Billy Boston: Welsh rugby legend who never played at the Arms Park
Once upon a time long ago, two boys born in the same city in the same year grew up as neighbours - one at number four Angelina Street in the old Tiger Bay area of Cardiff, the other at number seven.
They made it together into the same Cardiff schoolboy rugby team of the late 1940s and then they went their separate ways.
The boy at number four - the late Joe Erskine - became heavyweight champion of Britain and the Empire, a stylist whose ring career included victories over three world title contenders - Willie Pastrano, Henry Cooper, George Chuvalo.
And what became of the boy at number seven Angelina Street? Well, how long have you got because we are talking about the greatest try-scorer in rugby history - union and league - 571 touchdowns in 562 matches.
His name is Billy Boston.
His mother, Nellie, was Cardiff-Irish, his father, John all five feet four inches of him, was a merchant seaman from Sierra Leone. They had 11 children and Billy came smack in the middle.
He went to South Church Street School in Butetown and by the time he left his ambition was to play rugby for Cardiff at the Arms Park.
He started with the multi-national Cardiff International Athletic Club - the CIACS - in the city's docklands and played for Wales in three boys clubs' internationals and in three more at Youth level.
Everyone had heard of him but still nobody at the Arms Park asked him along.
Neath did, and they showed their gratitude, according to Billy, by slipping him a white five pound note under the table after every match.
A price worth paying
Then he went to the north of England to do his National Service and all the Rugby League clubs could hardly believe their luck. Wigan moved quickest of all.
They sent chairman Joe Taylor and vice-chairman Billy Gore to Angelina Street on Friday, 13 March 1953.
Billy was home on leave. The Wigan bounty hunters offered him £1,000, a fortune 63 years ago.
When Mrs Boston rejected the offer, Taylor and Gore upped the offer to £1,500.
For effect they spread the white fivers all over the table. Billy had never seen so much money in all his life but he didn't want to go.
At this point he and his mother asked to be excused for a moment.
Nellie took charge as mother-cum-agent.
"Don't worry son, I'll get rid of them for you. I'll ask them for so much that they'll go home."
So when they went back into the little front room, Nellie said: "Right pay him £3,000 and he'll sign."
Billy thought to himself: "That's a really smart way of getting rid of them. Three grand? Nobody's worth that much."
What they had no way of knowing was that before leaving for Cardiff, the Wigan delegation had drawn £3,000 out of the bank.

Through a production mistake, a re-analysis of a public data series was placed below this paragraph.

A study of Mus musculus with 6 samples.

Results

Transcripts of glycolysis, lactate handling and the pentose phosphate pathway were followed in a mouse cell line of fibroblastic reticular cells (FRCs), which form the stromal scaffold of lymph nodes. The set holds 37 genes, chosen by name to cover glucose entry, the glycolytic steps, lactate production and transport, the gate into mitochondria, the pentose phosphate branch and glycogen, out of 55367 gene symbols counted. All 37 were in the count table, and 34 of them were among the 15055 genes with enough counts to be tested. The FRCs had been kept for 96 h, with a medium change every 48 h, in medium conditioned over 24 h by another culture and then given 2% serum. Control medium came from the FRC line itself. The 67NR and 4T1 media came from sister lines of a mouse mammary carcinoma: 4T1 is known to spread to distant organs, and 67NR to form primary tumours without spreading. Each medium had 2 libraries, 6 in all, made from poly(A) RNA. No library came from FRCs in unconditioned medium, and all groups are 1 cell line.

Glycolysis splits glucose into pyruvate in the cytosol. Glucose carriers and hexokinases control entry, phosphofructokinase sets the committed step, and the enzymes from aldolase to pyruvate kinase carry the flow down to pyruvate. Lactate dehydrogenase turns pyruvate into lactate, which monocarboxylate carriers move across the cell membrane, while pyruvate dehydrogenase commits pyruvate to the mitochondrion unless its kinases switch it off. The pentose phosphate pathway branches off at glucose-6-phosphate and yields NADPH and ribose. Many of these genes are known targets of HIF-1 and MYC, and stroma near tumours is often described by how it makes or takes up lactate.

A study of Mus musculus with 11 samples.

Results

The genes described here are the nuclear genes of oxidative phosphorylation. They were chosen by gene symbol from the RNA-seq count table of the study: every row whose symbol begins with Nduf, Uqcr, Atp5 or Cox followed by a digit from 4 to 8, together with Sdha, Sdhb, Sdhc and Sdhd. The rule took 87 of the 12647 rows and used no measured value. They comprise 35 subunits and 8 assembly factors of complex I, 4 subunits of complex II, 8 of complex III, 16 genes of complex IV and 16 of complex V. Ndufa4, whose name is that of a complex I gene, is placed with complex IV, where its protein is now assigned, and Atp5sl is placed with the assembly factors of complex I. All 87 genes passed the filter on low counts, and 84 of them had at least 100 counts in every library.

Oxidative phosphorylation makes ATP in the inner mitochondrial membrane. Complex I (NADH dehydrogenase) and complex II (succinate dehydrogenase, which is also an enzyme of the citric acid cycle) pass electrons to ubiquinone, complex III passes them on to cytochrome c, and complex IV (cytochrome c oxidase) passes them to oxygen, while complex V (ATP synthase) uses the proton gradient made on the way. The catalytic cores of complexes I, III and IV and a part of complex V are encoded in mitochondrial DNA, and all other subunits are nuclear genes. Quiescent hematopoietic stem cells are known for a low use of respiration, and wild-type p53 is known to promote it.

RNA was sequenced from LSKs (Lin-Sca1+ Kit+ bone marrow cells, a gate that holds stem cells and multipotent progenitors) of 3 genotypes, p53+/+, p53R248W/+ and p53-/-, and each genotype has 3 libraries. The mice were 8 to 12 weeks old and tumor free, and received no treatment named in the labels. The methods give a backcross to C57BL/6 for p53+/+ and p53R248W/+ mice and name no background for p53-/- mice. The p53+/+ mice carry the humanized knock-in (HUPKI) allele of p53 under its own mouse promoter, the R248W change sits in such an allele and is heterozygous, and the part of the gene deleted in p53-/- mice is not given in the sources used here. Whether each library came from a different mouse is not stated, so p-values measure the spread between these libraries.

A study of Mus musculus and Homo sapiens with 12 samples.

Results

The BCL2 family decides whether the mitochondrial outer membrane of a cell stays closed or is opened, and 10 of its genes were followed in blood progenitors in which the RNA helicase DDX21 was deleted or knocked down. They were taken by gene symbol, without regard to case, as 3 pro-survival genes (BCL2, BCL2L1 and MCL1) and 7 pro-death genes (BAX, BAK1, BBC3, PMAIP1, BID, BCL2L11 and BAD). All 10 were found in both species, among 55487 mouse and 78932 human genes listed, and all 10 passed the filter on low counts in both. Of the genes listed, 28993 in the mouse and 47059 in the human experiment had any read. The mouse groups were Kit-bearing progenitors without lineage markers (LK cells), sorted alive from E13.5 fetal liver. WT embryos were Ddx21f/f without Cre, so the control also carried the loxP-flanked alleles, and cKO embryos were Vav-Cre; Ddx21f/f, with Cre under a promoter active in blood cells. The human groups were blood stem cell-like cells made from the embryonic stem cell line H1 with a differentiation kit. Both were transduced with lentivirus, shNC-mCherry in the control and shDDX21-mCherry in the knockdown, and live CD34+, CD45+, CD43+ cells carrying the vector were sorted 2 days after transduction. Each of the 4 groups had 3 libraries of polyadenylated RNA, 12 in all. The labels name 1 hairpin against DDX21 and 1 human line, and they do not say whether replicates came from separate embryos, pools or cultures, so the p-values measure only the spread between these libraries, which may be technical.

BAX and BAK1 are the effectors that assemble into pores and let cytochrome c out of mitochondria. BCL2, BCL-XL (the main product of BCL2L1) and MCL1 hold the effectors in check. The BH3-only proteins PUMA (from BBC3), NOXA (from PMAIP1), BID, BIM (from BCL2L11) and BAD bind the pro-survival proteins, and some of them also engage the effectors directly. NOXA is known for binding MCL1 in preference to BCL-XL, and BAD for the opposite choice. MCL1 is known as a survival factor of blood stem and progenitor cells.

They put their heads together for less than a minute and said: "OK, Mrs Boston we will pay you three thousand pounds. All Billy has to do is sign this contract"
Boston didn't want to sign it and his mother had to remind him - Wigan had come up with the money, now they had to keep their word.
He signed and years later he told me that he cried that night, that he couldn't sleep. His dream of playing for Cardiff had gone, never mind playing for Wales.
But that was Cardiff's fault. Their complete failure to show any interest in the player beggared belief.
Nobody could be sure why they ignored him, but at about the same time they also ignored other black players from Butetown, like Johnny Freeman and Colin Dixon who both made it big in League.
And that left Boston with one possible explanation - that they didn't like the colour of his skin.
Here was a wing who at 18 had all the tricks of his trade. He could beat opponents any and every way - body swerve, side-step, hand-off or just sheer pace because most didn't see him for dust.
The late Great Britain test captain Vince Karalius, one of the hardest men to play the game, described Boston 'probably the most magnetic crowd puller in the history of British Rugby League.'
Another called him the Oscar Peterson of 50s rugby, a striking comparison with the vistuoso jazz pianist given that Billy led most opponents a merry dance.
But he wasn't just a great player. The fans loved him for that, of course. But they loved him too for his humility.
The late Phil Melling, Emeritus Professor of American Literature at Swansea University, put it best. Billy was a showman but never a show off.
In 15 years at Wigan until the late 1960s, he left records that will never be broken, not least 478 tries in 487 matches for the club.
And even when he was winning Challenge Cup finals at Wembley, with Billy it was all about the team, never about himself.
They loved him so much in Wigan that they stumped up £90,000 to put a bronze statue of him up in the town.
Maybe one day Cardiff will do the same because, when all's said and done, Billy is a Cardiff kid at heart.